25 November 2012

Congo-Brazzaville: Leopards Poised to End Congo Trophy Drought

Hopes are high in Congo Brazzaville that AC Leopards can lift the CAF Confederation Cup Sunday and end a 38-year club trophy drought for the central African country.

CARA won the 1974 African Champions Cup -- forerunner to the CAF Champions League -- with victory against Egyptian outfit Al Mehalla in the home-and-away final. But no Congolese side has come close to glory since until Leopards from western city Dolisie reached the final of the second-tier Pan-African club competition this season.

A 2-2 draw away to Malian side Djoliba last weekend in the first leg of the decider has thrust the mantle of favourites on to Leopards, who were outsiders when the annual competition kicked off last February. Although founded in 1954, Leopards did not qualify for Africa until two years ago and a couple of Confederation Cup challenges petered out at the last-32 stage.

Djoliba have been trying without success since 1967 to capture Pan-African silverware, coming closest by reaching the Champions Cup semi-finals once and the last four of the now defunct African Cup Winners Cup twice.

The finalists know each other well having also met in the mini-league phase with Leopards drawing 1-1 away and winning 3-0 at home to clinch a semi-finals place as Group B runners-up behind Djoliba. While another three-goal romp is unlikely at the 20,000-capacity Stade Denis Sassou Nguesso, a Confederation Cup home record of six wins, a draw, a loss and a 14-5 goal tally confirms Leopards are a force to reckon with in Dolisie.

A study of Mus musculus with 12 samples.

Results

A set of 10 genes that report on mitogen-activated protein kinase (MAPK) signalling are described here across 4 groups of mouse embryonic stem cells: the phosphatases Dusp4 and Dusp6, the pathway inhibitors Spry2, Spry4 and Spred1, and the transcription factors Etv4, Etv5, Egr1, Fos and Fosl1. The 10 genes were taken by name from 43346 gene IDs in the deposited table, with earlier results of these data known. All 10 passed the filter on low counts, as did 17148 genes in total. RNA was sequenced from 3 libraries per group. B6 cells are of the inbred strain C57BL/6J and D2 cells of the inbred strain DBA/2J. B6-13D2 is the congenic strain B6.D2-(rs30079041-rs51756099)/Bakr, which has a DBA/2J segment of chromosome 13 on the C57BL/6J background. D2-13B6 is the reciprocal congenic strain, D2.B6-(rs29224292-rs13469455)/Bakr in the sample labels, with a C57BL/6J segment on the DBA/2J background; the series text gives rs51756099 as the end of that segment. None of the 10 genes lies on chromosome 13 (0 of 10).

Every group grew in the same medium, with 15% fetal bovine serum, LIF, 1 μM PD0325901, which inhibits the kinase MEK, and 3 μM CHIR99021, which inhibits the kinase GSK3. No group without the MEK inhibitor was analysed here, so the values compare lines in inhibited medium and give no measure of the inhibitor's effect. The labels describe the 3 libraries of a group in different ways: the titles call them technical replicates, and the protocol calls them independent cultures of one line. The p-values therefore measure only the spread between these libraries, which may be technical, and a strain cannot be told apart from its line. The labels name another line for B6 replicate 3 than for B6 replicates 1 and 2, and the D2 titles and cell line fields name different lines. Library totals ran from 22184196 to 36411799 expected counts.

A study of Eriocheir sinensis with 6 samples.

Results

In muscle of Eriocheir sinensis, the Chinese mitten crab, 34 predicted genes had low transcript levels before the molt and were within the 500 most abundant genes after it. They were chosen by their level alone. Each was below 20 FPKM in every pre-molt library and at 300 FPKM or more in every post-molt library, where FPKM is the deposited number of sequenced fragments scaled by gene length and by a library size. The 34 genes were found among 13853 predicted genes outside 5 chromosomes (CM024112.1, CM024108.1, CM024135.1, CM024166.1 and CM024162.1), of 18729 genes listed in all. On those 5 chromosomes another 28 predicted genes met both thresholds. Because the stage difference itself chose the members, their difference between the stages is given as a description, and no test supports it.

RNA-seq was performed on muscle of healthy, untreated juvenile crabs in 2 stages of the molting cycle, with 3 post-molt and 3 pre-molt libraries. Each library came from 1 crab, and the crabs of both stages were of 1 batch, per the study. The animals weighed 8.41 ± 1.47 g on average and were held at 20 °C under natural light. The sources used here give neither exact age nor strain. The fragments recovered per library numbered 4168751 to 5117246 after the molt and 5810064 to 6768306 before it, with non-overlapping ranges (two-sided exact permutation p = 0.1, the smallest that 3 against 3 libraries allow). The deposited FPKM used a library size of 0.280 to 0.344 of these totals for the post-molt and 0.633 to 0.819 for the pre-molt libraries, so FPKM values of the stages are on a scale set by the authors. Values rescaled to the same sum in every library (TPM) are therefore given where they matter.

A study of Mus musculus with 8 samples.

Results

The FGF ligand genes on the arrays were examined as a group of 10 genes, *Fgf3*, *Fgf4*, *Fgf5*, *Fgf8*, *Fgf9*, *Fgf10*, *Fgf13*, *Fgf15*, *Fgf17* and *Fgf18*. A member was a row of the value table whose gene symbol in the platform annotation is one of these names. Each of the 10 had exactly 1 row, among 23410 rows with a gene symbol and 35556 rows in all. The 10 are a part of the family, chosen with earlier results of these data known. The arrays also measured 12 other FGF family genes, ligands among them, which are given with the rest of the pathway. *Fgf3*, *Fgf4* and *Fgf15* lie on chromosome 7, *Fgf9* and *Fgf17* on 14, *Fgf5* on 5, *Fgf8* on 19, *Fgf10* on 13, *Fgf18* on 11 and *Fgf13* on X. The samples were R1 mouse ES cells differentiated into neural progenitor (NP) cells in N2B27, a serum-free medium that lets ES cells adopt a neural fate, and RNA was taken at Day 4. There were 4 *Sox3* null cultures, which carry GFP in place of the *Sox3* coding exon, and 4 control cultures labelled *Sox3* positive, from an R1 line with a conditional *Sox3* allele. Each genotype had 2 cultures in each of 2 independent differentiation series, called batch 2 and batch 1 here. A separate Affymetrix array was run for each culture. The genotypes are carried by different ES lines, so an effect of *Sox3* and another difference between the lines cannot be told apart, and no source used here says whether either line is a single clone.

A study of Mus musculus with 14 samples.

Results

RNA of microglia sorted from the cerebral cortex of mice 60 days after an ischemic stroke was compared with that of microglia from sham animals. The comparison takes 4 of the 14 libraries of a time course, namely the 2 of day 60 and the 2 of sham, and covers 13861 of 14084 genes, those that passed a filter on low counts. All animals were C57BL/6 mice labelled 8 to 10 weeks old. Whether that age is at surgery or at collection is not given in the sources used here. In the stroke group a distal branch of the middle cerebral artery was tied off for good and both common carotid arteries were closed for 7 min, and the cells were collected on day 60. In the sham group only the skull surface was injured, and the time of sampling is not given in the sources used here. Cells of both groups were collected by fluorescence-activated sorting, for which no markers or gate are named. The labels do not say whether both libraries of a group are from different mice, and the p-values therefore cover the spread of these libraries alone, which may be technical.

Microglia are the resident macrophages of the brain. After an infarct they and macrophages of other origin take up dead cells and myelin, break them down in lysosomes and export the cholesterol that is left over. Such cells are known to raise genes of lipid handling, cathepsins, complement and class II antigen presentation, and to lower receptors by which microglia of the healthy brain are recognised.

Because Djoliba were among eight Champions League 'drop outs' after the qualifiers, they had six fewer Confederation Cup outings than Leopards, winning two on the road and losing three with a 4-8 goal record.

The first leg of a final offering the winners $660,000 and a CAF Super Cup title at Champions League winners Al Ahly of Egypt was a thriller with the Congolese leading and trailing before snatching a dramatic draw. Rochel-Fernand Kivouri nudged the visitors ahead, Alou Bagayoko levelled from the penalty spot, Salif Coulibaly scored a second Djoliba goal and Seda-Heritier Ngouelou equalised three minutes from time.

There is no shortage of potential scorers in either side with Leopards' 25 goals in 17 outings coming from 12 sources with Rudy Guelord Bhebey-Ndey and Eric Nyemba (four each) the chief contributors. Bagayoko tops the Djoliba scorers' chart with four of the 15 goals in 11 matches followed by Idrissa Traore with three for a club whose title is the local language name for the Niger river that flows through Bamako.

Home advantage and partisan support from a sell-out crowd are obvious factors favouring Leopards, but tradition offers Djoliba hope of emulating domestic neighbours and 2009 Confederation Cup winners Stade Malien.

There have been four first leg draws in the eight years of a competition that replaced the Cup Winners Cup and CAf Cup competitions, and three of the teams held at home in the initial match went on to lift the trophy.